India’s central bank chief faces a tough balancing act
November 18 2019 10:54 PM
Shaktikanta Das: Managing multiple and conflicting roles.

Bloomberg/Mumbai

Soon after taking over as India’s central bank governor almost a year ago, Shaktikanta Das decorated his 18th floor office overlooking the Arabian Sea.
Das, overseeing what was until recently the world’s fastest-growing major economy, has worked tirelessly to restore relations with the government after a bitter public spat led his predecessor Urjit Patel to quit. Colleagues say Das usually tucks papers under his arms at the end of the work day to continue plugging away from home.
He’s paid a hefty dividend to the finance ministry, swung into stimulus mode and eased up on bank lending restrictions – all of which Patel resisted in the face of government pressure. But there’s still much to do: the economy is losing steam on many fronts, the banking sector remains saddled with one of the world’s worst bad-debt loads and the government’s fiscal targets are slipping by the day.
Insiders say Das has turned around the mood in the bank’s Mumbai headquarters with an affable, plain-spoken approach. As one official said, he listens to everyone and then sticks to his own decision.
Among the RBI rank and file, the more academically-decorated predecessors of Patel and Raghuram Rajan were considered outsiders due to their long stints in American academia. Long-timers were put offside as in-house talent was often bypassed in senior appointments.
Rajan and Patel were contrasting personalities – Rajan the rockstar of global central banking and Patel reclusive both inside and outside the bank. Das strikes a balance. He has his own Twitter account and is more open to the media, giving interviews to local and foreign media including Bloomberg News. But he hasn’t taken to the global stage in the way Rajan did, such as when he led criticism of the Federal Reserve in 2014 for not taking into account the spillovers of its policies on emerging markets.
Das’s communication skills have helped improve the relationship with the government. The two sides no longer spar in public and instead resolve issues internally, finance ministry officials said. A recent example being the central bank’s reservations toward the finance ministry’s proposal for what would have been India’s first overseas sovereign bond issue. The proposal, which also met with opposition from within Prime Minister Narendra Modi’s own party, has been frozen.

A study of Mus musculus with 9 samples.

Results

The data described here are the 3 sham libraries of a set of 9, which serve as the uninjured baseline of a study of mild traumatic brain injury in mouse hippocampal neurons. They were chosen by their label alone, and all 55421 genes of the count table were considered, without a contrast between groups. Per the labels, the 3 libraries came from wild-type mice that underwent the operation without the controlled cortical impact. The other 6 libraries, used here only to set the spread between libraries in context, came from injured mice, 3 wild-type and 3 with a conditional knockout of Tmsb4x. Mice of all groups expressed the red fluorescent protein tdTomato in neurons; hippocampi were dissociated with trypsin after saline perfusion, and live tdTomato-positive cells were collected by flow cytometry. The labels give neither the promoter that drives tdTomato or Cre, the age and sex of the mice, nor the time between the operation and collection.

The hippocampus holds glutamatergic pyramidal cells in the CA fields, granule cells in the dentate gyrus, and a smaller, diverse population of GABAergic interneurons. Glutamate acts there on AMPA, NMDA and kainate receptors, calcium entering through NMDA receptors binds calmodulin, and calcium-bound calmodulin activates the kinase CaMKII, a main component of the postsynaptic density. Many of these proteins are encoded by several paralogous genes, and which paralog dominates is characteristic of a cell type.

The Reserve Bank of India has an out-sized role in the nation’s economy, making central bank-government friction a feature of policy making in the nation. Das is responsible for monetary policy, an exchange rate that’s near historic lows, supervising banks that carry one of the world’s biggest bad-debt loads, and selling bonds the government relies on to fund its yawning deficits. Most major central banks have only one or two of those duties.
Das, appointed on December 11 for a three-year term, set about changing course almost immediately. In one of his first decisions announced in early January, he instructed banks to restructure stressed loans given to small and medium-scale enterprises, thus breaking from a five-year-old policy of eschewing corporate debt overhauls. That was quickly followed up by lifting lending restrictions on three state-run banks.
In February, in his first meeting of the six-member monetary policy committee that he chairs, Das along with three other members voted for a 25 basis point interest-rate cut.
And in a sharp reversal from October last year, when the MPC led by Patel had taken rate cuts off the table, Das opened the door for more reductions and said reviving growth was the main priority of the inflation-targeting central bank. He’s cut five times this year, by a cumulative 135 basis points.
A test of Das’s ability to keep the government onside now presents itself given inflation has climbed back above the central bank’s medium-term target of 4%. The consumer price index bottomed out at 2% in January and was 4.6% in October. Despite the price revival, economists expect Das to stay in easing mode, and see the benchmark interest rate falling to 4.9% by the end of March 2020.
Das also heeded the government’s call for higher dividends, paying a record $24bn to government coffers in August. But the RBI’s pockets aren’t infinite and at some stage in the future Das may have to stare down any further requests for bumper payouts. Das is also in-charge of the exchange rate, and its management has in the past angered government officials and the export lobby, which complain about the rupee’s competitiveness. Das, like Patel, has reiterated the oft-repeated central bank approach that India’s exchange rate is market-driven and the RBI has no target in mind.
It’s the RBI’s role as regulator of the country’s banking system that creates the most potential for conflict with the government, because about 60% of the business is controlled by state-run banks. They are owned by the government and the RBI has limited supervision and legal powers to bring about changes in management to these banks, unlike the privately-owned ones where it holds more sway. That creates an uneven playing field leading to question marks over the efficacy of the central bank independence in regulating banks.
What really sets the RBI apart from many of its counterparts, especially in the west, is its role as the investment banker to the government. That creates potential for priorities in one realm to influence other areas of its mandate.
For instance, the RBI may be encouraged to keep interest rates low to help manage the government’s borrowing, even though inflation targets might come under threat, risking macro-economic and financial stability.